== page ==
A Pivotal Season for Nittany Lion Hoops
The Penn State men’s basketball team held its annual media day Monday afternoon, suiting up for interviews and pictures before running through an open practice. As you’d expect, the mood was good: These preseason gatherings tend to be optimistic, with players and coaches focused on the season’s potential and a schedule loaded with winnable games. But even by those standards, these Nittany Lions seem like an especially positive and confident bunch. That’s encouraging, and perhaps a little surprising.
Last season, Penn State finished a dismal 11-20. Star guard Talor Battle put up predictably solid numbers but didn’t get much help from a team that simply couldn’t replace the talent and leadership it lost from the 2009 NIT championship team. The new season arrives with a handful of dominant story lines, led by Battle’s assault on the Penn State record book, the team’s chances of an NCAA tournament berth, and the future of coach Ed DeChellis ’82. Let’s start with that last one.
On Monday, DeChellis spoke with the assurance of a guy who believes his team is capable of big things; he sounded nothing like a guy whose job many believe might be in danger if the Lions don’t win this year. He called the Big Ten “the best league in the country, by far,” and said bluntly, “we will compete.” He took an expected question about the pressure on him this season in stride, saying “I feel pressure every year. I put pressure on myself. This is a high-stress job, but I don’t lie awake thinking about that.” He added: “We’ve got a football coach here who will go down as the greatest football coach of all time, they’re criticizing him. Who the heck am I?”
Perspective comes pretty easily for DeChellis, whether it’s comparing his situation to Joe Paterno’s, or remembering what it is he does for a living. A cancer survivor from a working-class background, DeChellis might have the toughest major-conference job in college basketball, yet he knows it’s just that—a job, coaching basketball. You won’t hear him whining at a press conference about media coverage or unfair expectations. It’s admirable.
And in truth, there are reasons for hope this season. Chief among them is Battle, the senior who is on pace to set a new school scoring record, and who should finish as the first Nittany Lion to win or share team MVP honors in each of his four seasons. I’ve spent a fair amount of time with Battle and have come to admire his understated honesty; he’s not the sort of guy who loves talking to a room full of reporters, but he does have a knack for telling the truth when most athletes would be more likely to spout a non-answer or a cliche. Asked Monday about why this year’s team should be better than last year’s, Battle spoke of the group’s attitude and cohesion.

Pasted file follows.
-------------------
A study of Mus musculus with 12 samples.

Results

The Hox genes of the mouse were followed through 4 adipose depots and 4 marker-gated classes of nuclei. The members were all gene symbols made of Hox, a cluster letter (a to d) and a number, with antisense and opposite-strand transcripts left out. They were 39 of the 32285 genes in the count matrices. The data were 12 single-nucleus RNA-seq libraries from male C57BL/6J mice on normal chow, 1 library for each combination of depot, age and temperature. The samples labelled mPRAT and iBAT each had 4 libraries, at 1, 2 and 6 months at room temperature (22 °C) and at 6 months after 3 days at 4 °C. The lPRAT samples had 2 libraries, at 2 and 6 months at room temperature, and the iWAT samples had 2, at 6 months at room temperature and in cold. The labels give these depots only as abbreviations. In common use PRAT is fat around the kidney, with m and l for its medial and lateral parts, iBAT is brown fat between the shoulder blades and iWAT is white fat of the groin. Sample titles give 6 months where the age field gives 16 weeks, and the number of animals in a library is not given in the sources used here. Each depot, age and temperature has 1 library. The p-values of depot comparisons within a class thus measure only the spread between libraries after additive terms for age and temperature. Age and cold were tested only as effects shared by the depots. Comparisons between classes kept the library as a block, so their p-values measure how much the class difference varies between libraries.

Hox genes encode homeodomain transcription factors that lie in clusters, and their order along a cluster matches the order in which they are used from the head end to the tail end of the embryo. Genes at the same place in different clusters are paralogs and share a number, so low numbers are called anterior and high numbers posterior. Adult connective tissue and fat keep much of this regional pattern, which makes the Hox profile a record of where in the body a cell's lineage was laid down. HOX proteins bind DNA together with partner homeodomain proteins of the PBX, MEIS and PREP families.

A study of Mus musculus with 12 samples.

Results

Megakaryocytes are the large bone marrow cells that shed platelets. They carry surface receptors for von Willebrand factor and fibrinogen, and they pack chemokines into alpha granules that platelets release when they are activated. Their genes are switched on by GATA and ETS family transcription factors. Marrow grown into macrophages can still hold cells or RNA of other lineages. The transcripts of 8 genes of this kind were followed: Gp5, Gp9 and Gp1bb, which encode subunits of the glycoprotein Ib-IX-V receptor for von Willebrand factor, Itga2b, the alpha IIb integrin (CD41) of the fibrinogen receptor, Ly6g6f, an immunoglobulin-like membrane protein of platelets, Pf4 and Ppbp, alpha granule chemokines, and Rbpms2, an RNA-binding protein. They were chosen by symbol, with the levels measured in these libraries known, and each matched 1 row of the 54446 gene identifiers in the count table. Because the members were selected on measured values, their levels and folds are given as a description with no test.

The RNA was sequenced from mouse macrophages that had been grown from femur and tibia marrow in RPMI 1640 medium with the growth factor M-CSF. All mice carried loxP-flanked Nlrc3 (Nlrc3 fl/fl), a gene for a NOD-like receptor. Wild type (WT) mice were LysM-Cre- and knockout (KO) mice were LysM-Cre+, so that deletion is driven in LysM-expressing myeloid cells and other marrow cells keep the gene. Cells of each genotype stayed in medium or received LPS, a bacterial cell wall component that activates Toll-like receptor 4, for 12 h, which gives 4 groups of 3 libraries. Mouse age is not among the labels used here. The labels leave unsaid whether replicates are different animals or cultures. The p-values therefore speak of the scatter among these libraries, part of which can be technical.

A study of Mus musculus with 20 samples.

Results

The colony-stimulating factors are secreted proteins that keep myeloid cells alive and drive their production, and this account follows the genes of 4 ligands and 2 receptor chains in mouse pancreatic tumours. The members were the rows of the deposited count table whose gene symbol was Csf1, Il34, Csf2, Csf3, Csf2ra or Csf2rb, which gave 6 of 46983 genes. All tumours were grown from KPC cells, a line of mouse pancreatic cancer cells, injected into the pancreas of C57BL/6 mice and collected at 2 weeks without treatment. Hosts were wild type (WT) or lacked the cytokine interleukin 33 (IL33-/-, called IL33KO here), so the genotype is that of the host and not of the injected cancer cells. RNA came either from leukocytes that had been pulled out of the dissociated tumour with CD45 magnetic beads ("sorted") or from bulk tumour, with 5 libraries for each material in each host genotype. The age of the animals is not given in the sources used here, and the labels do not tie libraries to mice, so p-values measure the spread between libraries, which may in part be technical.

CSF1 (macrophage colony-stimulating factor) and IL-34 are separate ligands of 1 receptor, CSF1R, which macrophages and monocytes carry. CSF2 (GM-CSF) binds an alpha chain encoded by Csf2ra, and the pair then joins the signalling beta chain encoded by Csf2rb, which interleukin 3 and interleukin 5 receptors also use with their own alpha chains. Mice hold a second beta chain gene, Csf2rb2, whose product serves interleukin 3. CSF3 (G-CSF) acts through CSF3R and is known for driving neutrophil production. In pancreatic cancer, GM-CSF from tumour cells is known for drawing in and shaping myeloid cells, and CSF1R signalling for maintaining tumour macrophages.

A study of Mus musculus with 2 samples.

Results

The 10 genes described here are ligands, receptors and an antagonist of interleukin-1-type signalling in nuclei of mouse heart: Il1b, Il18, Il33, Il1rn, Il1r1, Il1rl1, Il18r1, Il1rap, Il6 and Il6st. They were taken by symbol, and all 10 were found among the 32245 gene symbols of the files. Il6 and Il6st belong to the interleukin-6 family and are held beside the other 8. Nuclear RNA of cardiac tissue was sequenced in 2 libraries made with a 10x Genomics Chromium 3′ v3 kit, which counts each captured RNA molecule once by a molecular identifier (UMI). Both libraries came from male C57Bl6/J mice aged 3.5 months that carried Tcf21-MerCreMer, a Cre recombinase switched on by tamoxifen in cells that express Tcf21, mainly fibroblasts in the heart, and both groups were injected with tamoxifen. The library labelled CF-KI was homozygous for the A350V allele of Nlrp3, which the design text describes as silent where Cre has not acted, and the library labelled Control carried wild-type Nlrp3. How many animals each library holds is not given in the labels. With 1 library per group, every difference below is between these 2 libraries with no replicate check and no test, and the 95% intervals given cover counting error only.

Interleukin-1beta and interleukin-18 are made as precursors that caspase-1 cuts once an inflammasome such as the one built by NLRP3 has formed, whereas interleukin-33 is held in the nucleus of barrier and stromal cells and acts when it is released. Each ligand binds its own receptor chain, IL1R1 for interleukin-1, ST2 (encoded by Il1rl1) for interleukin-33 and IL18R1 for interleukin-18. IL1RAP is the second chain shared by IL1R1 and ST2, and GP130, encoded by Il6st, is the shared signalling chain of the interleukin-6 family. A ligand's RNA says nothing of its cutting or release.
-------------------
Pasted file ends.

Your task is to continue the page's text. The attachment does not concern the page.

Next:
“I remember times last year,” he said, “when guys just didn’t want to be here.”
Reading Battle’s body language at points last season, it’s not hard to guess that he might’ve been one of those players. An All-American-caliber talent with a professional career ahead of him (he’s an NBA long-shot but could easily make millions playing abroad), Battle was unquestionably and understandably frustrated at points last season, particularly in some of the Lions’ many close losses, when there didn’t appear to be another player capable of making a big play down the stretch. He and DeChellis spoke Monday of the need for Battle to trust his teammates, many of whom DeChellis expects improved play and understanding from this season.
One thing they hope helped was a preseason outing with The Program, a team-building and leadership organization run by a former Marine that looks and sounds pretty intense. If Battle can rely more on guys like forwards David Jackson, Andrew Jones, and Jeff Brooks—and if they can give him a good reason to—it should go a long way in helping the Lions improve.
One player Battle has plenty of faith in is his younger half-brother, freshman guard Taran Buie, with whom our readers should be familiar. Word from the team’s early practices is that Buie is every bit the talent DeChellis counted on when he recruited him, and that the freshman’s intensity is rubbing off on the rest of the squad, helping fill a void left by the graduation of Jamelle Cornley ’09 after the terrific 2008-09 season. As for his well-documented off-court issues, Buie swears his minor scrapes with the law are behind him, and DeChellis says he’s willing to give his young player the benefit of the doubt.
“He and I have addressed those concerns internally,” the coach said. “He’s had to jump through some hoops.” One imagines those metaphorical hoops involved lots of very literal wind sprints.
For more on the preseason pulse, I’d recommend Dave Jones’ column on Battle and Buie in the Harrisburg Patriot-News, a closer look at the Lions’ (hopefully) improved team spirit from Jeff Rice ’03 in the Centre Daily Times, and this overview from the Pittsburgh Post-Gazette. You can also read the transcript of the DeChellis press conference on GoPSUSports.com
Ryan Jones, senior editor
Entry filed under: Nittany Lion basketball, The Penn Stater magazine. Tags: Andrew Jones, Centre Daily Times, Dave Jones, David Jackson, Ed DeChellis, Jamelle Cornley, Jeff Brooks, Jeff Rice, NIT, Patriot-News, Pittsburgh Post-Gazette, Talor Battle, Taran Buie, The Program.